Tuesday, November 18, 2008

Chin Na in Israel

Here's one for Bob over at "Striking Thoughts", who is currently enrolled in a very painful Chin na school right now...

We know that Israel is the home of the ultimately practical "Krav Maga" self-defense system, but it looks like there's a few good Internal artists there also!
"In this clip, Efi Dinar, from the Nanking Tai Chi School of martial arts in Israel, demonstrates only a few of the various techniques taught in the ancient art of Chin Na".
-- I love the concepts and movement. Notice about half-way through when the "attacker" spins out of the shoulder/elbow lock, the instructor demonstrates several ways to salvage the technique for a takedown.
My only criticizm would be that these techniques are pretty hard to set up against a resisting opponent, unless you have a set-up strike first.
While stylisticly different, you see here many techniques that would also be found in Aikido and traditional Jujitsu.


BSM said...

Great find!

Note that they are going at demonstration speed...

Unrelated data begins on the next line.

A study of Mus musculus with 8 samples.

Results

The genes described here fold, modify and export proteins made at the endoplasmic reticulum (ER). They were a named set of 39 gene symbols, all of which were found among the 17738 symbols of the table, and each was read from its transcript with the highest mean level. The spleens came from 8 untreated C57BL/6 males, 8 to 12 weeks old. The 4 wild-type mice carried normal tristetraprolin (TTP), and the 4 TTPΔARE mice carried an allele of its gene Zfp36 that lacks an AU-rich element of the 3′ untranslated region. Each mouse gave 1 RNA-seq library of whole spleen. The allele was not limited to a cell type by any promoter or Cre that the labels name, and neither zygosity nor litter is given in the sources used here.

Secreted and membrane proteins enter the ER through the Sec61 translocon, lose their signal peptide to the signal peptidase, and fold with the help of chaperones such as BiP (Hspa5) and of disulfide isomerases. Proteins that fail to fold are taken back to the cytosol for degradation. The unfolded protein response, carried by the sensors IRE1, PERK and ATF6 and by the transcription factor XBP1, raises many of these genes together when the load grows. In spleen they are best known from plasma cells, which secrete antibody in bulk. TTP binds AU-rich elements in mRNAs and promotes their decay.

Also note that at least at the school I'm training at they EMPHASIZE over and over that if Chin Na is not executed with speed and skill the attackee may sense and counter. Counter may mean a fist in your face or your butt wrapped up on the ground.

They also PREACH having a back-up. Naturally the back-up is to punch, kick, or grapple.

That all having been noted, I'm realizing that Chin Na has a higher learning curve (at least a pure Chin Na class). A lot of it requires fine motor skills as opposed to big movement, simple, gross motor skills.

So it definitely takes more time to learn and I would not recommend it as your sole art. If you know how to punch, kick, or grapple there's a ton of stuff it can add to your skill set.

I REALLY am enjoying it despite the pain.


Dojo Rat said...

My thought is that if it was at full speed, nobody could see the technique on video, and-- someone might get hurt...

BSM said...

Yes - The hurt part is correct too.

A few of use with other backgrounds try to do a certain technique (usually the ones we are getting good at) at speed. When we do this we get corrected. Apparently my instructors have had folks get hurt over the years. So you are correct.